André Leon Talley visits with SCAD students in New York City at Oscar De La Renta offices. Photo courtesy of SCAD.

Reports indicate he passed away in a hospital near his home in White Plains, N.Y. He was 73 years old.

By Allison Joyner

André Leon Talley with SCAD President Paula Wallace during 2012 commencement weekend.
Photo courtesy of SCAD.

The Savannah College of Art Design (SCAD) community is in deep mourning after the passing of fashion journalist and former Board of Trustee member André Leon Talley.

“André had the heart of an educator, and took that work seriously as a longtime member of the SCAD Board of Trustees, SCAD commencement speaker and frequent giver of masterclasses,” SCAD President and Founder Paula Wallace said in a statement.

After receiving his Bachelor’s in French studies at North Carolina Central University and Master’s from Brown University, Talley moved to Paris until Vogue fashion editor convinced him to move to New York in the early 1970s. 

From the receptionist at Andy Warhol’s Interview magazine to Paris bureau chief for Women’s Wear Daily and finally the creative director and editor-at-large under Anna Wintour at Vogue, Talley dressed former first lady Michelle Obama and was later known as a judge on “America’s Next Top Model.”

André Leon Talley posing in front of curated exhibit “Little Black Dress” at SCAD MOA in 2013. Photo courtesy of SCAD.

 “André [was] fashion’s true original,” Wallace said. “A polymath, his incisiveness on film, architecture and design were as well-honed as his eye for fashion.”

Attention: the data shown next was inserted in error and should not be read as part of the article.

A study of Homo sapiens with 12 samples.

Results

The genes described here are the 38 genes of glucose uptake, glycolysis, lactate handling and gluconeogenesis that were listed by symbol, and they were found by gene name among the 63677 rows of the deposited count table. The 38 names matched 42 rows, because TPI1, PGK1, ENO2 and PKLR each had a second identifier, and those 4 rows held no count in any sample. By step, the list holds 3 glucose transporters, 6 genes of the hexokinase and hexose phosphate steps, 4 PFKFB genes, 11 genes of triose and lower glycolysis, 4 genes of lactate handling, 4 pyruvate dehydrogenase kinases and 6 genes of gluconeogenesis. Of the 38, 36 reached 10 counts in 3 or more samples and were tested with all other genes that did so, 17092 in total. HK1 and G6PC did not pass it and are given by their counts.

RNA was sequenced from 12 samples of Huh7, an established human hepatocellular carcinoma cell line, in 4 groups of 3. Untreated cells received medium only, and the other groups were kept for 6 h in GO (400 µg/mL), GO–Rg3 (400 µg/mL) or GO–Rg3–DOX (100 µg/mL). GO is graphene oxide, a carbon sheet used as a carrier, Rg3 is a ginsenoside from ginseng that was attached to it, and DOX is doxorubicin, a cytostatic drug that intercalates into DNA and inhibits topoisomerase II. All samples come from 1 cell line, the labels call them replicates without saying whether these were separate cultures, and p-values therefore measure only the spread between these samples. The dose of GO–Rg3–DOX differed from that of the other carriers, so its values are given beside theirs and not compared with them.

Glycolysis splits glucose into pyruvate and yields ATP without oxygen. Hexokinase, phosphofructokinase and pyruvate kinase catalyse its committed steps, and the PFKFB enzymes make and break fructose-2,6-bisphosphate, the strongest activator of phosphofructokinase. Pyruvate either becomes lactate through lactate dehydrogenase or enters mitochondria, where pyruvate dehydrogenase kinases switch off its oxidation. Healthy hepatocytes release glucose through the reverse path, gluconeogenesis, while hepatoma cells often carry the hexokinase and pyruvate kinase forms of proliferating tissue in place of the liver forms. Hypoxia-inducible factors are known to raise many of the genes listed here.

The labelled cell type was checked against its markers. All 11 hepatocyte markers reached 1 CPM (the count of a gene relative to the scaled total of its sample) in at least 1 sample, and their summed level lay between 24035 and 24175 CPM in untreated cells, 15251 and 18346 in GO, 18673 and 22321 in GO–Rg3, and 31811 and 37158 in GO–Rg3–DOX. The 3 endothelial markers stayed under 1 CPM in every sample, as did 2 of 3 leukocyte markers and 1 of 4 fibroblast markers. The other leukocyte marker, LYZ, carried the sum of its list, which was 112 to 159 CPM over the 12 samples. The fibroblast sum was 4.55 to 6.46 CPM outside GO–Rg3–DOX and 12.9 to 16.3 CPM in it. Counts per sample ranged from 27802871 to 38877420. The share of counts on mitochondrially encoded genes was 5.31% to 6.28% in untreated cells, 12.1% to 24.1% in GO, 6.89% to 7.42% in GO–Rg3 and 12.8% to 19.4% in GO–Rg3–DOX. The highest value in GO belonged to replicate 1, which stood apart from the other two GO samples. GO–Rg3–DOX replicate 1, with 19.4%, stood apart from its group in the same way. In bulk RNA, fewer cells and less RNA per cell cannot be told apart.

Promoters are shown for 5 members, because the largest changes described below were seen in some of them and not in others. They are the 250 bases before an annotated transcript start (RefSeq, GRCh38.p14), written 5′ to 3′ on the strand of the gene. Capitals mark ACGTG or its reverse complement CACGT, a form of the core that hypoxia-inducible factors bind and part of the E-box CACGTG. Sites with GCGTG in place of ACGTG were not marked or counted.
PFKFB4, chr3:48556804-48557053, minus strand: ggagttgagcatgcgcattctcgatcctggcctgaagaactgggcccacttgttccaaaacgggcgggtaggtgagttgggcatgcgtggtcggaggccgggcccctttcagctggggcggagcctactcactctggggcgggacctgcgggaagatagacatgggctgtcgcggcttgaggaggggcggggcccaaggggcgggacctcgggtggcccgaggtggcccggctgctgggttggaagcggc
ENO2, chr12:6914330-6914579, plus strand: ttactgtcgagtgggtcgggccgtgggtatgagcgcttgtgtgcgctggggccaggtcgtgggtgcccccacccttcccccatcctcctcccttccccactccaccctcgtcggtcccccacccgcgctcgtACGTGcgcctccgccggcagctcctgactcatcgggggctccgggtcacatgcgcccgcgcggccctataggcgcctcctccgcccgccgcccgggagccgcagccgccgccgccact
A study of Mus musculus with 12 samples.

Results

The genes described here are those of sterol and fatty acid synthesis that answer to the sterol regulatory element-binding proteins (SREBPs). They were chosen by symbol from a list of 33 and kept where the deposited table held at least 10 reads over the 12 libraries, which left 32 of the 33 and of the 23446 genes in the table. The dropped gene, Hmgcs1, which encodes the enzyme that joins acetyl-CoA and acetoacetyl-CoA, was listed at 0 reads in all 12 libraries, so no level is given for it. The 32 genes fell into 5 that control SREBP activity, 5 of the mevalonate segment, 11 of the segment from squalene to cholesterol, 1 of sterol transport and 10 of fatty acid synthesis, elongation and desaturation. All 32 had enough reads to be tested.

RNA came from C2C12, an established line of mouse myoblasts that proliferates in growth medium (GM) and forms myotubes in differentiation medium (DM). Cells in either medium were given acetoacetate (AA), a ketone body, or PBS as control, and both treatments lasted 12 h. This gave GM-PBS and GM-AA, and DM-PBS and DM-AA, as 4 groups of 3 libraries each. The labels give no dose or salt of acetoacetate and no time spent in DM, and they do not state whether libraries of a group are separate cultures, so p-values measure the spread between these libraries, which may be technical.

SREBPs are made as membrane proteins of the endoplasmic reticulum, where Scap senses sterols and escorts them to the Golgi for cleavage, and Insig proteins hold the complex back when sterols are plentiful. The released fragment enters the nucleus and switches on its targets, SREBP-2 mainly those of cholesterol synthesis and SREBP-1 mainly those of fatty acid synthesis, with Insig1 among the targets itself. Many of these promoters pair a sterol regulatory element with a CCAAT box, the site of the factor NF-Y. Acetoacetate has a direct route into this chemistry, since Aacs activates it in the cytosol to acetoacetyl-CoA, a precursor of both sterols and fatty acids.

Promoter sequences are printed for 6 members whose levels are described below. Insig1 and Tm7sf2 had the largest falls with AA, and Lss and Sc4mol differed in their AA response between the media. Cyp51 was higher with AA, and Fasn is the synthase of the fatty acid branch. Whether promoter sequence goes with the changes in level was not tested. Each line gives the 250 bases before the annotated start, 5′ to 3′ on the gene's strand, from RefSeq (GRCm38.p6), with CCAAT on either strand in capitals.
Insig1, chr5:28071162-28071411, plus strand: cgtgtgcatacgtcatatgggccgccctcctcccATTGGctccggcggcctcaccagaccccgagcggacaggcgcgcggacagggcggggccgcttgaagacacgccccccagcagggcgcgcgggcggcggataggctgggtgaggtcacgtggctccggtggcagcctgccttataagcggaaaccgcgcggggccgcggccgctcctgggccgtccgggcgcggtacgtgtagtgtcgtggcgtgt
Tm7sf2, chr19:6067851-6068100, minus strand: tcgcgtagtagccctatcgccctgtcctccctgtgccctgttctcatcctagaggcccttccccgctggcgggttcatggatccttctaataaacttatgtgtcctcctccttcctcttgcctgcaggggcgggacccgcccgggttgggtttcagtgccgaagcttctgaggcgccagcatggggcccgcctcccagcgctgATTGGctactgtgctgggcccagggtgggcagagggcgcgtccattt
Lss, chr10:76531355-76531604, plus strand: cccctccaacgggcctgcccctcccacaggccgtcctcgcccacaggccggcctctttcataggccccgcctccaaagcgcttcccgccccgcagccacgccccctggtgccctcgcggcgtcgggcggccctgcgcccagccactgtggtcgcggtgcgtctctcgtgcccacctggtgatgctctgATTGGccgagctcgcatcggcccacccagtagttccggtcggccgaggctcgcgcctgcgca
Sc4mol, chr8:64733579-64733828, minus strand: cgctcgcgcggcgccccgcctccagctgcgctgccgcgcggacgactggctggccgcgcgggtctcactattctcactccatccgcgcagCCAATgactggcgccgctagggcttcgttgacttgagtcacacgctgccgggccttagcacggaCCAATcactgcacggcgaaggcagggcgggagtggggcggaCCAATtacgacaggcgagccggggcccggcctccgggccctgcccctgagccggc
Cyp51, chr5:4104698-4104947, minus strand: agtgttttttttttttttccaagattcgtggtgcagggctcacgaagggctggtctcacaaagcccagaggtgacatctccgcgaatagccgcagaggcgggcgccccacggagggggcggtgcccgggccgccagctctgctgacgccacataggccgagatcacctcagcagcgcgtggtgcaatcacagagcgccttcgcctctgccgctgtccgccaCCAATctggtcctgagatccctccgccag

In addition to being on the board for over 13 years, Talley was SCAD’s first recipient of the SCAD Lifetime Achievement Award in Fashion in 2001. It was later renamed the “André Leon Talley Lifetime Achievement Award.” 

The SCAD Museum of Art in Savannah also benefited from Talley’s talents when he curated the “Little Black Dress” exhibition in 2012. 

Encouraging students and alumni, Talley coordinated internships and job opportunities with major fashion houses, designers, film and television studios and gave insight to over 50 final collections in the annual SCAD fashion shows.

Talley donated his “ALT Collection” to SCAD which includes photos, artwork and other memorabilia for students to observe and use for inspiration and research for their future endeavors. 

“He loved SCAD students,” Wallace said. “A couple of years ago, after a screening of “The Gospel According to André Leon Talley” at SCAD Atlanta, he held forth on stage for hours, taking selfies with at least a hundred eager students, making each one feel loved and seen.”

No information on funeral arrangements has been provided at this time.